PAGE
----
The Magnolia Roller Vixens, Jackson's roller derby squad, are a group of women who blended aggressive athleticism, strategy, and teamwork as they practice. Roller derby, a female-dominated sport, is not for the faint of heart. A full contact sport, the game requires each woman to unleash her competitive and aggressive side while on the track.
The Magnolia Roller Vixens is comprised of 40 players and is female-only. The Vixens have the ambition to become fully certified by the Women's Flat Track Derby Association, which would rank the team nationally and give it more long-term viability.
"Men have rough sports," president Sumati Thomas explains. "They have football. They have rugby. They have aggressive, full contact sports. Roller derby is pretty much the only full contact sport for women."
Roller derby marries the tough and rowdy action on the track with the ultra-feminine appearances of the women. Many of the Roller Vixens take on ironically retro, pin-up-inspired personae. Before a health concern motivated her to move to refereeing, Thomas took the name Lizbeth Von Lush.
"We're girls and we like being pretty," Thomas says. "That's another thing that drew me to this sport. The thing I love about roller derby is that you can still be girly, still be feminine, wear skirts and frilly stuff, but still be tough at the same time. To me that's what a woman is: We are tough, we deal with a bunch of stuff, but we're still soft and pretty. So I think it showcases both sides of the female personality."
Many of the women donned fishnets, knee socks, outer underwear, and form fitting or short clothing for the practice, exhibiting their feminine side. The team's vice-president, Jacqueline Sledge Prince, takes the rink name, Princess Sledge Rammer.
"I get to wear things that I normally don't get to wear throughout the day," Prince says. "It's a true culture. I lost 40 pounds (skating), so I like to show off what I earned. You get to show off your character."
Thomas describes Prince as "one of our best blockers, but fast enough to be a jammer. She's intimidating."
Critics have pointed out that aspects of roller derby culture are unfavorable to women, but advocates of third-wave feminism have propelled its revival in the last 10 years.
"Some people say when we're out there wearing fishnets and stuff we are objectifying women," Thomas adds. "But I am wearing what I wear because it makes me feel good and it is making my confidence go up."
"I'm usually quiet and reserved," says Thomas, who works as a technology instructionalist at Tougaloo College. "Since I became a leader, it has helped me take leadership at work, as well as within our league. I'm still quiet, but I'm more apt to go out and strike up conversations with strangers. I've seen that a lot with our 'fresh meat.' Jackie was another case. She was quiet and reserved when she began roller derby. You can tell it's really built her confidence in the way she dresses and the way she acts."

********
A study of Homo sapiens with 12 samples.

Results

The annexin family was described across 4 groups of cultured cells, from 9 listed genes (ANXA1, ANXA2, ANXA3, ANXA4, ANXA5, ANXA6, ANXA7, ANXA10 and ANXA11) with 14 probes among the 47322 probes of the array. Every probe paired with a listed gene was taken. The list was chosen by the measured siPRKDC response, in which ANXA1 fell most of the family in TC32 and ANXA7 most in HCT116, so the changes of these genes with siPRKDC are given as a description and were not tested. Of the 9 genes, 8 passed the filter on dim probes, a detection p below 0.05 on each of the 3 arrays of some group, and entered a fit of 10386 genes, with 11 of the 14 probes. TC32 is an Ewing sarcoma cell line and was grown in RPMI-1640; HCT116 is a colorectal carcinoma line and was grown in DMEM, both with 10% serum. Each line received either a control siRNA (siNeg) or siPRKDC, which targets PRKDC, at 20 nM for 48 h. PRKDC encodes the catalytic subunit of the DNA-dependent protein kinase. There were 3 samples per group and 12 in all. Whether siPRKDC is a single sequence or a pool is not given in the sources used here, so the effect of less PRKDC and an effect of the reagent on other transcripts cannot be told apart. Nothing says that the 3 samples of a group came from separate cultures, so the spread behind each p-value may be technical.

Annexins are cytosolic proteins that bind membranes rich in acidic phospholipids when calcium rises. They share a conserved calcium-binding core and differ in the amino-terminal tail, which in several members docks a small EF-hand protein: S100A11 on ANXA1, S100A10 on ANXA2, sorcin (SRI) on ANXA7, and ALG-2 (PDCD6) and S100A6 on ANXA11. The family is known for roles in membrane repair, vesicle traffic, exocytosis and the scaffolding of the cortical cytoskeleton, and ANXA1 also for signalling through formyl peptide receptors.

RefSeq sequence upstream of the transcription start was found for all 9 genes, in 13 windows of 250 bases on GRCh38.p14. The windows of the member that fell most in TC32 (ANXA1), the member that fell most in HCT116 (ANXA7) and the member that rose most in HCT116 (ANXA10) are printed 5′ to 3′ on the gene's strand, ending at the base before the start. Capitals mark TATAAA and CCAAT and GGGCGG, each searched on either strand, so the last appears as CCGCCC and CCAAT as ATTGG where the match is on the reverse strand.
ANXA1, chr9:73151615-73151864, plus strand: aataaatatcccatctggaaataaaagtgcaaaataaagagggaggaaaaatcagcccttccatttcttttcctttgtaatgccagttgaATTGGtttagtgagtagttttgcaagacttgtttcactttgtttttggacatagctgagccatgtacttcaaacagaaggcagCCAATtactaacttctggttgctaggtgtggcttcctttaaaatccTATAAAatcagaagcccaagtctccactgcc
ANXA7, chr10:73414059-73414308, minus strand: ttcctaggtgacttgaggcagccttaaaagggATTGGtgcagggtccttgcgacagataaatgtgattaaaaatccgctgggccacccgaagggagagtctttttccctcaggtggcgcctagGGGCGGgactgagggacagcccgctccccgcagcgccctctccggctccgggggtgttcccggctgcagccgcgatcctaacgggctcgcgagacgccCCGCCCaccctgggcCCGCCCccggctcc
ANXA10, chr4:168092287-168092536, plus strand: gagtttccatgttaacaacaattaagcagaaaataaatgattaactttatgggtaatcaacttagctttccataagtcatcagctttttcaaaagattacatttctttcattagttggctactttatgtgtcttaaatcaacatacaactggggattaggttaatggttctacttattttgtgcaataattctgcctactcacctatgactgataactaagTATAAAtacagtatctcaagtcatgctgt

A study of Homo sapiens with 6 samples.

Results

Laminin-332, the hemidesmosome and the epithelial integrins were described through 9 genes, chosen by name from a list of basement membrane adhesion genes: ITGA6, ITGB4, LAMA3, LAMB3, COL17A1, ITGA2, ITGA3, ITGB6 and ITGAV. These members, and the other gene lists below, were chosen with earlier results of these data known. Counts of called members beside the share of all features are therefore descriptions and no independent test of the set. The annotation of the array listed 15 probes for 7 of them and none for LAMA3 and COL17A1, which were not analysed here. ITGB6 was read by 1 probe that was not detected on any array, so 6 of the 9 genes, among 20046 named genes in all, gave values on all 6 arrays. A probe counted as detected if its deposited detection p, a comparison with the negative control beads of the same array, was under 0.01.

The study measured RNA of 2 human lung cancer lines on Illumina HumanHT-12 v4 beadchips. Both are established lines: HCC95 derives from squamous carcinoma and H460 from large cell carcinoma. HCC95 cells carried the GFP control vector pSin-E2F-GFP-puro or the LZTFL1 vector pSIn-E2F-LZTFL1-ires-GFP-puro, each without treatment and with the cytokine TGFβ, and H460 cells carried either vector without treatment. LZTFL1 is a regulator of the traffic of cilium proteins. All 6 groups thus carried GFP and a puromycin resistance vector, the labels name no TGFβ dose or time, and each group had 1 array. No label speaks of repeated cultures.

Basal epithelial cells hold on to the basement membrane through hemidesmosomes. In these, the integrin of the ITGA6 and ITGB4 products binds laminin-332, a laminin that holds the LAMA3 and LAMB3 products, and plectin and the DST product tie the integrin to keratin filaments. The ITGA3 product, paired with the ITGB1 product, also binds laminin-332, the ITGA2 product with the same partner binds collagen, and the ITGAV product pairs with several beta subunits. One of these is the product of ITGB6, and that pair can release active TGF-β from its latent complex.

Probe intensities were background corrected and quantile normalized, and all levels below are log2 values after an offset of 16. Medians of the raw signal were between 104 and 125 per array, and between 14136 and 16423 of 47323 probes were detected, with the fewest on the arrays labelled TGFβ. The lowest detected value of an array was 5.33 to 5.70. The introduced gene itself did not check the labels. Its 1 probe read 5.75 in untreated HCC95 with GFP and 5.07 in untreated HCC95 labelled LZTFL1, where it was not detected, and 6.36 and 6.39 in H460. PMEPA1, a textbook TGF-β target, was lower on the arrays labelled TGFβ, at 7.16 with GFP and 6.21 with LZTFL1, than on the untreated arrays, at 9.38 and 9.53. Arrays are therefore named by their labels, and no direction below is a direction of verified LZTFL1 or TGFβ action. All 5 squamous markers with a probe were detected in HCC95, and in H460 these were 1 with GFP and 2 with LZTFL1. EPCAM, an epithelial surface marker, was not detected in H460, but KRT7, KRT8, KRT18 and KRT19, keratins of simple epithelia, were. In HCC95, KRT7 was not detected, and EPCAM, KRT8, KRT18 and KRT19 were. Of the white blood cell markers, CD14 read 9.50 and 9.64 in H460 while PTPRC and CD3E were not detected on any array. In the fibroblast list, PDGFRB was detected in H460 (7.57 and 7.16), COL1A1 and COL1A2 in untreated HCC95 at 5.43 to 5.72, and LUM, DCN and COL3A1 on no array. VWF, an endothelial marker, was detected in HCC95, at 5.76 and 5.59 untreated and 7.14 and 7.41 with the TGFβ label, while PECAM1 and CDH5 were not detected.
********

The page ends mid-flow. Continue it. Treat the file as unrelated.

"The grassroots roller derby people had nicknames, so it has become part of the sport," says Thomas. "It's a good way to bring out that different personality, we have girls that are nurses, librarians, teachers, so when they get on the track they're their derby persona."
Prince agrees the derby persona empowers the women on the track.
"It's an adrenaline rush. I'm usually pretty nervous before I get out there, but once I do get out there, I just take on my whole derby persona," she says. "I just get mean and aggressive, something I am totally not like during the day. I work in a doctor's office. I'm always nice during the day so once I get out on the track it's no holds barred. It's down and dirty."
Besides fostering a secure identity of each individual on the team, a strong bond is formed on the track.
"It's completely focused on teamwork," Prince says. "You have to know where your teammates are on the track at all times. It builds bonds, a lot of females these days don't have that, so you form a relationship with all of the girls out there. "
Though some assume a typical roller derby player must be unfeminine, Thomas asserts that this is a common misconception.
"Most people think that you have to be some big burly, mannish woman who is going to talk like a caveman or something," she said. "But there are all shapes and sizes on the team."
The Magnolia Roller Vixens in particular are a very unique team. Ages of women on the team range from 18 to over 40, and not everyone embodies the punk stereotype normally associated with roller derby style.
[i[Tickets for the May 29 bout against the Pearl River Roller Derby at the Jackson Convention Center are $12 in advance and $15 at the door. It will be held The doors open at 6 p.m. and the event starts at 7 p.m. The team is offering a 10 percent discount for military personnel in recognition of Memorial Day.
Roller Derby is great! I'm a gonna be there with bells on!